The following is an excerpt from my fourth book titled Perfect Triumph: Places, Faces and Cases of the Triumph Trap Company, Oneida, New York, 1913-1935. This book has 306 pages and 210 images:
"In the spring of 1913, Henry A. Constantine considered locating the new trap manufacturing company in Niagara Falls, New York and calling it the Niagara Game Trap Company. He inquired about manufacturing sites and studied the labor conditions. He found that a satisfactory site could not be obtained with real estate being very expensive. Available labor conditions were not satisfactory either.
Constantine then visited Oneida and met with the president of the Chamber of Commerce, Thomas A. Devereux. Devereux presented the advantages of locating a manufacturing plant in Oneida. They included real estate being available for purchase at lower prices, lower rent, Oneida was free of labor disputes, and abundant labor experienced in trap manufacturing. Because of those reasons, the decision was made to incorporate under the name Oneida Game Trap Company instead of Niagara Game Trap Company.
A site for the building of a factory could not be located. Constantine wanted to be located near the right of way of the New York Central and Hudson River Railroad or near the Ontario and Western Railroad. The major advantage of locating near a railroad was the convenience of shipping. He asked Devereux to help locate a site. Several locations were suggested but they either could not be purchased or were not suitable for a building site.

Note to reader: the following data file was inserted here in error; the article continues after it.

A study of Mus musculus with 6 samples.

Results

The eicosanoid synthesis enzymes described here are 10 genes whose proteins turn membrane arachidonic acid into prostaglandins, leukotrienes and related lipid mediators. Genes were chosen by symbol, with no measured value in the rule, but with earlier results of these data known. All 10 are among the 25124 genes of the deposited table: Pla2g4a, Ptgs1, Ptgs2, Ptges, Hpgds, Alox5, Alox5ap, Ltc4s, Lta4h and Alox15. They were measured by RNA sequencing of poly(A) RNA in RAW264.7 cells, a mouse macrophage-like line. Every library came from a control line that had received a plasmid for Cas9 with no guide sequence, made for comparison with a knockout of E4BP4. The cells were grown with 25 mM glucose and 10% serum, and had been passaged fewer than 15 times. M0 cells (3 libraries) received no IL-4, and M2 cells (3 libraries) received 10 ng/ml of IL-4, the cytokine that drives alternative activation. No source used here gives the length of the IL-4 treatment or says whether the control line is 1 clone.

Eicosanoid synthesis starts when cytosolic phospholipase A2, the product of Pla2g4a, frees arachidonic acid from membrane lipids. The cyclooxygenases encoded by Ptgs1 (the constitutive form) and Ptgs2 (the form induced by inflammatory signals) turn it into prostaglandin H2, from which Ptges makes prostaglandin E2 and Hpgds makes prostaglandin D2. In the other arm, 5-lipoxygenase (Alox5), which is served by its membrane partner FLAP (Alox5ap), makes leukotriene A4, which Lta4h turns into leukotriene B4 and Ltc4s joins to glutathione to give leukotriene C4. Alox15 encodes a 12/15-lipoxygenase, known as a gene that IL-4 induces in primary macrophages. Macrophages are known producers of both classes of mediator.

Devereux suggested a possible location on the northerly side of the West Shore Railroad near that railroad’s freight station. It was formerly known as the Oneida Castle Station. This was the only satisfactory location that could be found for sale at the time. Constantine secured an option on the property and the option was later assigned to him making him the owner.
Eugene F. Kitendaugh, Oneida Community Limited Legal Department, pointed out the interesting connection that all of the traps shipped out by Oneida Community Limited were under the Bill of Lading of Oneida Castle. The identical spot where the property was purchased. He said “if this scheme is carried out” both company’s shipments will have the same Bill of Lading out of the same freight depot. Kitendaugh believed the name of Oneida Game Trap Company and the location of the factory with a Bill of Lading of Oneida Castle out of the same freight depot as Oneida Community Limited was intentionally done to identify the new business as closely as possible with the business of Oneida Community Limited. Kitendaugh questioned whether this interaction with the president of the Chamber of Commerce even happened as Devereux would later be an attorney for the Oneida Game Trap Company.
On May 10, 1913, Constantine received information from the officers of the Chamber of Commerce that it was possible to obtain manufacturing space in the building known as the industrial building located on James Street near the freight depot of the New York Central and the Hudson River Railroad Company. He entered into an arrangement with the owners to occupy part of the building for trap manufacturing and took possession on May 10, 1913. Thus began the tumultuous twenty two years the Triumph Trap Company was in business."